Heleen de Coninck is stubbornly optimistic: ‘1,5 degrees is possible, if we have the guts’

21 Jun 2022

Sixteen Dutch climate scientists think keeping global warming limited ‘to well under 2 degrees’ will not be possible. This became clear last week after a questionnaire by Nieuwsuur. Climate scientist Heleen de Coninck thinks differently.

‘Keeping global warming limited will fail’, was a headline by the NOS (Dutch public news organisation, ed.) last week. Nieuwsuur asked 24 climate scientists, who worked on the IPCC climate report, what they thought was the most realistic temperature increase by the end of the century. Of the sixteen scientists who stated their expectations, none thought it is possible to keep warming limited to well under 2 degrees. That boundary – and preferably 1,5 degrees – was agreed upon in the climate accord of Paris (see box).

Professor at the TU Eindhoven and Radboud researcher Heleen de Coninck, who also worked on the IPCC report, thinks differently. ‘Look, the IPCC report is clear: it is still possible. It’ll be complicated, but it is doable. So let’s make all the effort to get it done.’

Go like hell

So how is it possible sixteen of her colleagues firmly state that we will not reach the Paris goals? De Coninck suspects it is because of the question Nieuwsuur asked. ‘If you ask what temperature we will end up with, you are basically asking: where do you think global politics will get us?’ According to the researcher, the predictions are more about whether or not politicians will act, and not about whether a warming of 1,5 degrees is still possible according to the temperature scenarios of the IPCC.

De Coninck answers that question with a wholehearted ‘yes’. ‘Geophysically it is still possible. If the global emissions reach their peak before 2025 and just about halve by 2030 and if there are net zero CO2 emissions in 2050, then there is still a reasonable change of 1,5 degrees. Technically it is doable, even globally. Even if the billions of people who at the moment use too little energy, food and materials will do so.’

‘Let’s make all the effort to get it done’

It will not be easy, the climate scientist realises all too well. ‘It will take a kind of war economy, a system transition. You need to make immensely huge investments. That was also the message of the article by Nieuwsuur: we need to get going like hell. So in that respect I thought it was a nice news item.’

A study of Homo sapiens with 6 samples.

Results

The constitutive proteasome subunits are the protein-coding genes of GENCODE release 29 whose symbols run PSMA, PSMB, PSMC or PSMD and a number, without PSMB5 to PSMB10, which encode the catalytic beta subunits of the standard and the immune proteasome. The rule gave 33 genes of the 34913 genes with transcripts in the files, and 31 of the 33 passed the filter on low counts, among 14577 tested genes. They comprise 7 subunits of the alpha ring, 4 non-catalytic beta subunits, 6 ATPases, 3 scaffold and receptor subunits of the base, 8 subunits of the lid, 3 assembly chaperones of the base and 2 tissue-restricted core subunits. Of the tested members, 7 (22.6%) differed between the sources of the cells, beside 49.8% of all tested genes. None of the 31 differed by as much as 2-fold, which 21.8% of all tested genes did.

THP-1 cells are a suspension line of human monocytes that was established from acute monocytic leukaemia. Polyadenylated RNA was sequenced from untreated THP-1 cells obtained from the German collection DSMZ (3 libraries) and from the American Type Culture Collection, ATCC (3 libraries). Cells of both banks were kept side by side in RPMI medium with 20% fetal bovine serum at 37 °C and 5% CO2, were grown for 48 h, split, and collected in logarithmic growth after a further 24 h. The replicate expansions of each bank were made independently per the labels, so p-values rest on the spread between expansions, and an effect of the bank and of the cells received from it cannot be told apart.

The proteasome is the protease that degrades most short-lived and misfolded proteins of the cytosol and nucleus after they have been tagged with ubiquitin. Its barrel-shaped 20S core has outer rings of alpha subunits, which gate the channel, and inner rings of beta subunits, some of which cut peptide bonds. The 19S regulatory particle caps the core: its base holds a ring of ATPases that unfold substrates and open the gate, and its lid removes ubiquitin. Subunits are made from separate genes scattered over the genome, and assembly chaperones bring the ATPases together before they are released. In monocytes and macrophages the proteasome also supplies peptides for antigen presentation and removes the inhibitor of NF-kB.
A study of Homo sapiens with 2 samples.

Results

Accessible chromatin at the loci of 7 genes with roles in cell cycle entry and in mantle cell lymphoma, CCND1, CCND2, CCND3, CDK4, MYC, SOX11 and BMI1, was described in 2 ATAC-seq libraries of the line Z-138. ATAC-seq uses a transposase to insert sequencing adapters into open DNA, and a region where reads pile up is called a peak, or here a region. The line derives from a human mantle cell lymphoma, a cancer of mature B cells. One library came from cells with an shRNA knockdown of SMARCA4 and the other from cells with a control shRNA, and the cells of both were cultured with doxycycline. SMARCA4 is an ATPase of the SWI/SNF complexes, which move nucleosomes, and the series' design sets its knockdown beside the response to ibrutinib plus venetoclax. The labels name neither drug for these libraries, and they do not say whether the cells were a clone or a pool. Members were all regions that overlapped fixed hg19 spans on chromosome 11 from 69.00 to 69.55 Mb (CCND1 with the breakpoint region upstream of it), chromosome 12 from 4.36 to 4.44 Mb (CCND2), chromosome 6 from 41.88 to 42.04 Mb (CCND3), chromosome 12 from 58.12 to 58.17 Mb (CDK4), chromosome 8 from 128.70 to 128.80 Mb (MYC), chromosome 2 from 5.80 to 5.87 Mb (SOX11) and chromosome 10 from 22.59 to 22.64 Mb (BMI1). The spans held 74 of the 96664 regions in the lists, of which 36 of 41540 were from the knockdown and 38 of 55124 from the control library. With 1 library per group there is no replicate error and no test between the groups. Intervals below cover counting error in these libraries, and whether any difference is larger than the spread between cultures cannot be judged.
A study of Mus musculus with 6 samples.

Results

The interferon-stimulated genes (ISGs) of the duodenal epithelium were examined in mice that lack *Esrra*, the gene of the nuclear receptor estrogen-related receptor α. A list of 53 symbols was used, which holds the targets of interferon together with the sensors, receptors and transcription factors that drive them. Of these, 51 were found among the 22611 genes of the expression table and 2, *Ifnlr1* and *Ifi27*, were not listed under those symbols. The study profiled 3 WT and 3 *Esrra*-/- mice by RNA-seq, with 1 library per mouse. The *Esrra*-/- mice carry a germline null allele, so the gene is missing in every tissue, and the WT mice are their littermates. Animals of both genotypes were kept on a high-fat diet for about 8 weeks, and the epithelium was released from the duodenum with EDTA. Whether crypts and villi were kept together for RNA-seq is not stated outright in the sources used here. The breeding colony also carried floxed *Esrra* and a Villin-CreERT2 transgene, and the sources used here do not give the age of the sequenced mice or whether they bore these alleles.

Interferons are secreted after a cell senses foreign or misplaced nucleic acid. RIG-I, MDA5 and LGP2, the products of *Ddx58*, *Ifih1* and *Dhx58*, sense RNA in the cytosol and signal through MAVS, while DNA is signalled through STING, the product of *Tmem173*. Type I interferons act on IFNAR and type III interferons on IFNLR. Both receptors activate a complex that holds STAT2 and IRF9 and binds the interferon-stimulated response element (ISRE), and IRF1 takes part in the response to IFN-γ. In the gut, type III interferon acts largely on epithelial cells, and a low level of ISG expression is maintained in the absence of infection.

Stubborn optimism

De Coninck does have some criticism on how the survey was conducted, in which sixteen scientists participated. ‘If you conduct a survey, you should really take a more representative sample. Why should the opinion of, say, a sea level rise expert on the political probability of greenhouse gas emissions matter? I think a number of scientists didn’t answer because they didn’t feel qualified to give the answer.’

‘System change can happen faster than you think’

Moreover, it is not like De Coninck to say that it is no longer possible. ‘If I don’t believe in it, you can be sure it won’t happen’, says the climate scientist. ‘I got that from Christiana Figueres, the former head of the UN climate secretariat. She has decided, out of stubborn optimism, that whatever happens, she will continue to believe in it. She says she is obliged to. That there is simply no other way.’

Snowball effect

This optimism is not conjured out of thin air, De Coninck believes. ‘System change can happen faster than you think; it is not linear. This is what happened with sustainable electricity (such as solar energy, ed.). Innovation, policy development and behavioural changes happened so quickly, no one would have predicted this a few years ago. We are now experiencing a very sad decline, with coal-fired power plants that are allowed to run at full capacity for a few years again, but these are clearly the last convulsions of an industry that is going to disappear altogether.’

Heleen de Coninck. Foto: Dick van Aalst

According to De Coninck, other transitions can be given just as much momentum. ‘Sustainable electricity must take the lead. Eventually, industry and traffic will run on electricity, and that energy will have to be CO2 free.’ She expects that measures in the field of mobility, such as electric cars, can proceed very quickly. ‘Suppose you really start to change cities, then you can take big steps in ten years’ time.’

Of course it will take some time before polluting energy is a thing of the past, says the researcher. ‘But if we take the right measures, industries will start to innovate. Then the costs will go down, the demand will increase, and the ball will start rolling. You saw the same thing with solar energy, which really created a kind of snowball effect. The costs fell dramatically in just a few years.’

De Coninck therefore remains, like UN chief Figueres, stubbornly optimistic. ‘I really think it can go faster than we think. But only if society and the government have enough guts.’